Professor Ron Wright heads to Kosovo to help form new sentencing laws
July 3, 2014
A Wake Forest Law professor is heading to Kosovo to help establish the Rule of Law in the new country.
Needham Yancy Gulley Professor of Criminal Law Ron Wright, who has been appointed interim Executive Associate Dean for Academic Affairs for the next academic year, has been invited by five former Wake Forest Law LL.M. students to visit Kosovo beginning July 6 to meet with different groups interested in U.S. sentencing laws.
“They want someone to talk to judges and prosecutors working for the Ministry of Justice about sentencing laws,” explained Wright, who has been working with Wake Forest Law LL.M. students on this subject for the past two years. This fall, Wake Forest Law will host four LL.M. students from Kosovo – two prosecutors and two judges, according to Fiona McCormick, director of international programs.
“Our LL.M. students from Kosovo are coming over based in part on grant money from the U.S. State Department and U.S. Department of Justice, which is trying to help build up institutions in the new country,” Wright explained. “We have had students who are prosecutors and judges. Part of that same program is to send U.S. judges, prosecutors and scholars over there to help them figure out what we are doing over here.”
Robert J. “Bobby” Higdon (’85, JD ’89) is an Assistant U.S. Attorney in Raleigh, N.C., who has spearheadsed an ongoing U.S. Department of Justice initiative to develop criminal and civil procedures in Kosovo, a part of the former Yugoslavia that declared its independence in 2008.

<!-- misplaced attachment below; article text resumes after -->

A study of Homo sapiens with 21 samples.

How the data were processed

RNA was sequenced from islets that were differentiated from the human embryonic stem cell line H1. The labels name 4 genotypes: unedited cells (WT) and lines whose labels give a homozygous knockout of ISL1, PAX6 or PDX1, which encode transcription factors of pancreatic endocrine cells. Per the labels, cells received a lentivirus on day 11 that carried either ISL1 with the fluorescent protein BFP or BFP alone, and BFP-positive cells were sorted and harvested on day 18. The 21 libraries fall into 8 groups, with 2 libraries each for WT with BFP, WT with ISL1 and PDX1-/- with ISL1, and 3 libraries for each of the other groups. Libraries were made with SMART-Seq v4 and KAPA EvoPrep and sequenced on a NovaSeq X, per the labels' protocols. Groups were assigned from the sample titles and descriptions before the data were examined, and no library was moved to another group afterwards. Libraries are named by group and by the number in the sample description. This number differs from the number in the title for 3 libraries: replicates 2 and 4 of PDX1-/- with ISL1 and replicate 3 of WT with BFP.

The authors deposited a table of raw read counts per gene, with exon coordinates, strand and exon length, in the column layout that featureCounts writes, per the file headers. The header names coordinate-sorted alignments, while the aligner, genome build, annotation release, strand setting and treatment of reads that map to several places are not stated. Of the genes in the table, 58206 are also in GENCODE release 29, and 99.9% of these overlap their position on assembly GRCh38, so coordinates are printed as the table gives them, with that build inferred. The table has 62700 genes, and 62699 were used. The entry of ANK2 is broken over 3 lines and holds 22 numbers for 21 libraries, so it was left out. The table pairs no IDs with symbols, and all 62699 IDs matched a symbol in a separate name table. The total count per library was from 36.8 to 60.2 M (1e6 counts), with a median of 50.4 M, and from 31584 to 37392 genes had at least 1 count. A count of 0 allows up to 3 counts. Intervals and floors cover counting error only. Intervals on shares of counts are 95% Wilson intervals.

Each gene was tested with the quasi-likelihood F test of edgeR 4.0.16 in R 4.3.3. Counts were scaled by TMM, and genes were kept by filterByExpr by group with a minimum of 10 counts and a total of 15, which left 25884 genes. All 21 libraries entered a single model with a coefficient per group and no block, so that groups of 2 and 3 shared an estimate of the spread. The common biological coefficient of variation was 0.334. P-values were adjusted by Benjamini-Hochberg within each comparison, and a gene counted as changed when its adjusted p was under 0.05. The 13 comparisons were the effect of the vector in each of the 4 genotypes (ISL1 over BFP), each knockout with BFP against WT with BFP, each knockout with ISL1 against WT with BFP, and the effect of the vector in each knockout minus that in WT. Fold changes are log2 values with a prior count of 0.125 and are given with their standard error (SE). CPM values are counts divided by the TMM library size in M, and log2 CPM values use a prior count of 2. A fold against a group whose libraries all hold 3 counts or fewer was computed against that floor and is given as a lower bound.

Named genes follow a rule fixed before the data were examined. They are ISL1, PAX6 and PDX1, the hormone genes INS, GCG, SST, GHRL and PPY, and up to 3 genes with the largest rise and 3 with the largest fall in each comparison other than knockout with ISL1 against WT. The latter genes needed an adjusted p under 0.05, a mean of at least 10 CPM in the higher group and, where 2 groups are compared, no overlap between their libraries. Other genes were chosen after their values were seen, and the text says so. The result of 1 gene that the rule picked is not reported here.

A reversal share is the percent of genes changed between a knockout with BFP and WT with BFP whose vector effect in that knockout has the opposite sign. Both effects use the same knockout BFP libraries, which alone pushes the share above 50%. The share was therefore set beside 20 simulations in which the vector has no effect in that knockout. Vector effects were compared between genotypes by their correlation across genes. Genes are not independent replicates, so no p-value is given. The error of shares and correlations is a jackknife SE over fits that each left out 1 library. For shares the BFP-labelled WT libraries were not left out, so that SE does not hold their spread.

Higdon and Frank Bradsher (’82), also an assistant U.S. attorney in Raleigh, visit Kosovo frequently to train prosecutors, judges, defense attorneys and police officers. In the past five years, they’ve made numerous trips to teach investigative techniques and legal procedures and to offer advice on ongoing investigations and trials. The program is the only one of its kind between a U.S. Attorney’s Office and a foreign country, Higdon said.
“We are so fortunate to live in a country where the rule of law is respected,” Higdon said. “We benefit so much from a court system and criminal justice system. It’s not perfect, but it functions really well and keeps us safe.
“In Kosovo, they don’t have that or they haven’t had that for so long. We feel it is incumbent to share what we can to help them. Otherwise there’s no explanation for why a couple of prosecutors from North Carolina get invited to go over to Europe to teach people in a country that’s existed a lot longer than ours.”
Wright adds that North Carolina is only one of about 20 states that have a sentencing commission, which sets guidelines for judges and prosecutors. “The prosecutors in Kosovo are working under discretionary sentencing and they would rather have more guidance under the law about what sentences should be, “ he explained.
Wright will travel to Kosova’s capital Pristina. In addition to meeting with judges and prosecutors, he may also lecture at one of Wake Forest Law’s former LL.M. student’s Fama College. “I’m going to learn a lot, so I really look forward to this exchange,” Wright said.